By Josh Richman
Thursday, December 12th, 2013 at 4:53 pm in California State Senate, Mark DeSaulnier.

California’s Legislature has a new caucus focused on poverty and income inequality, an East Bay lawmaker announced Thursday.

State Sen. Mark DeSaulnier, D-Concord, will chair the Ending Poverty and Inequality in California (EPIC) Caucus.

Mark DeSaulnierBill Monning suggested that name, and as a fan of Upton Sinclair, I immediately liked it,” DeSauliner said Thursday afternoon.

Through the difficult budgets of recent years, “a lot of my frustration was that there’s not a lot of research that indicates what a good investment is” to abate poverty and reduce inequality, he said. Just as the Legislature’s Environmental Caucus has been instrumental in developing landmark legislation that has put California ahead of the nation and world on various issues, so too does DeSaulnier hope this new caucus will do likewise.

But he doesn’t underestimate the magnitude of the task the caucus must tackle, he said. “I’m excited, knowing that we have a lot to prove and that this is something that has vexed the industrial west and the American scene even since the Industrial Revolution.”

Nearly one in four Californians lives in poverty, a third of impoverished Californians are children, and the state is home to nearly a third of the nation’s chronically homeless people, DeSaulnier said. “Endemic, crippling poverty should no longer exist amidst the world’s greatest wealth. As more Californians struggle to remain in the middle class, our entire economy is hindered. This caucus is our commitment to tackle the causes of poverty and inequality in California in a bi-cameral, data-driven manner.”

DeSaulnier said the caucus will take a bipartisan approach, embracing neither liberal orthodoxy about spending nor libertarian orthodoxy about people pulling themselves up by their bootstraps. “My hope is we’ll be guided by the research,” he said. “We need to incentivize people to get to work, but we also recognize that different people have different obstacles.”

The caucus has the support of State Senate President Pro Tem Darrell Steinberg and Assembly Speaker John Perez, and if it proves to be a fruitful starting point, could eventually evolve into a joint committee, DeSaulnier said.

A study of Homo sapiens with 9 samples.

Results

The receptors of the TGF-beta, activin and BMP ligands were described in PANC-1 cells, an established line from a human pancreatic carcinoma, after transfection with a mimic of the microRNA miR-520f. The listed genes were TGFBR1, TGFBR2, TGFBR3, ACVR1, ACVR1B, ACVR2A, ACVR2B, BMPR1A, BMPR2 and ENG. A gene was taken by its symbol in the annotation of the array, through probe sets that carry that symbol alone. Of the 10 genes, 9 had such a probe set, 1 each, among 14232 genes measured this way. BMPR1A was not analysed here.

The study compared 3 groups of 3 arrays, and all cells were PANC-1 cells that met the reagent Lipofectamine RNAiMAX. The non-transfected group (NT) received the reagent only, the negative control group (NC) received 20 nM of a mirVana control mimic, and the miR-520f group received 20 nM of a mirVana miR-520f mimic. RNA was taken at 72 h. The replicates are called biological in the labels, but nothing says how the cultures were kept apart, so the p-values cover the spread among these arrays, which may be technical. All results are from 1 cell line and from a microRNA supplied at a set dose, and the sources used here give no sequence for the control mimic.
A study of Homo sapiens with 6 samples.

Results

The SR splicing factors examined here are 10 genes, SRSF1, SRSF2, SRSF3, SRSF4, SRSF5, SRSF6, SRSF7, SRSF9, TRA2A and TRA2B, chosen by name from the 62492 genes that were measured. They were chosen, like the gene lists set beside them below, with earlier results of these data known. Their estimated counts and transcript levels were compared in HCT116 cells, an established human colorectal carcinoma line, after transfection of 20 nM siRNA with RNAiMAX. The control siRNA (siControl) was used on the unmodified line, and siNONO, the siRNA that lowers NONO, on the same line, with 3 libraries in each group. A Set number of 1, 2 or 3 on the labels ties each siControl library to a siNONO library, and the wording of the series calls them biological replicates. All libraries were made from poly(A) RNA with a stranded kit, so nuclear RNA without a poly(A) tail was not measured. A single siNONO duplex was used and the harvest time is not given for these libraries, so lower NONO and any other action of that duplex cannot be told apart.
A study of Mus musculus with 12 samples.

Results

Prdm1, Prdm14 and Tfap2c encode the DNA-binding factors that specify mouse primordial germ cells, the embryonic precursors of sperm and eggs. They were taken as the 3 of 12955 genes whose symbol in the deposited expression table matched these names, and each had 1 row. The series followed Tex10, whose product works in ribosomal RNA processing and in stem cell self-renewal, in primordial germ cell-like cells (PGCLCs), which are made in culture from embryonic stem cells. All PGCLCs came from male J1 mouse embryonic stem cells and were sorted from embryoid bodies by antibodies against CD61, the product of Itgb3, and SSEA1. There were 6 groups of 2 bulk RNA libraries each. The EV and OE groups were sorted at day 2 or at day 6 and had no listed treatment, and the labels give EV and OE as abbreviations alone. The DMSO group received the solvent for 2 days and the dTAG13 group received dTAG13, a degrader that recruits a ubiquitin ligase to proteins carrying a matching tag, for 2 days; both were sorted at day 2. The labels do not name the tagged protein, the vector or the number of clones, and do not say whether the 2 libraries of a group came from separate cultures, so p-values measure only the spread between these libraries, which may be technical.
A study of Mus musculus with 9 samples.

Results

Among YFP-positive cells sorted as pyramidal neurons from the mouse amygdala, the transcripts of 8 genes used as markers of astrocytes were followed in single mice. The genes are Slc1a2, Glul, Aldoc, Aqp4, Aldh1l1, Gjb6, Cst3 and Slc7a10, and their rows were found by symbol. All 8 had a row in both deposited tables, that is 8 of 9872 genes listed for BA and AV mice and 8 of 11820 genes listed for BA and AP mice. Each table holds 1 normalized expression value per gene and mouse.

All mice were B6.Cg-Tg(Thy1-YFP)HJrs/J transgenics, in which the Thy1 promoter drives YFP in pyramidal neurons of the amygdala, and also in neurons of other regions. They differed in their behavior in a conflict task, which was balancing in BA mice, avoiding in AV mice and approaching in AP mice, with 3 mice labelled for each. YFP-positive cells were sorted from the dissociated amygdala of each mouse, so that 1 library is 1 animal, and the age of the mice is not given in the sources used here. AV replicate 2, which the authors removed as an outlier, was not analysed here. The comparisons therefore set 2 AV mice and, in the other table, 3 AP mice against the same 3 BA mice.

He envisions the caucus as a conduit through which lawmakers can hear from some of the foremost thinkers on these issues. He said Columbia University economist Joseph Stiglitz – “I’m a fan, I’ve read all his books,” DeSaulnier said – has agreed to come speak, and the caucus will pursue input from and perhaps partnerships with experts at Stanford, UC-Davis and other institutions.

The EPIC Caucus’ initial partners include the Western Center on Law and Poverty, Service Employees International Union California, the California Business Roundtable, and the County Welfare Directors Association of California.

“We see the faces and know the children and families behind those stark numbers of the millions living in poverty. While we diligently work to help them meet their basic needs, we recognize more can and must be done to see lasting improvements in their lives,” said CWDA President Susan von Zabern, director of the Riverside County Department of Public Social Services. “My colleagues and I appreciate Senator DeSaulnier’s leadership in this initiative, and look forward to working with he and Caucus members toward policy changes that best serve children and families.”


    Oh, goody, another war on poverty led by Marky Mark!

    Watch Marky kick old poverty’s ***!

    Lyndon Johnson fought a war on poverty. Poverty won.

  • JohnW

    That was one of Reagan’s famous quips. However, the statistics don’t necessarily support it. According to Census Bureau statistics, in 1963, the year before LBJ kicked off the WOP, 7.6 million families were poor, a poverty rate of 15.9%. By 1973, the number was down to 4.8 million families, with a rate of 8.8 percent.

    In 1981, RR’s first year in office, it was back up to 10.3% and reached 12.3% in 1983. Since then, it has bounced around in the 9-12% range — 11.8% in 2012.

    Not claiming cause and effect. There are multiple factors making the rate go up and down. However, there is nothing in the statistics to back up Reagan’s claim.

  • Sideline1

    You are precisely correct. The war was being won, until the “troops” were withdrawn from the theater of battle. What we need–and I will apologize in advance for this–is a surge.

  • RRSenileColumnist

    The senator loves working people. He loves to see them work.

  • RRSenileColumnist

    Footnote: The sainted Upton Sinclair, the Left’s hero in the 1934 guv’s race, had a more modest goal than the caucus. He sought to “End Poverty In California,” omitting the “Inequality” part.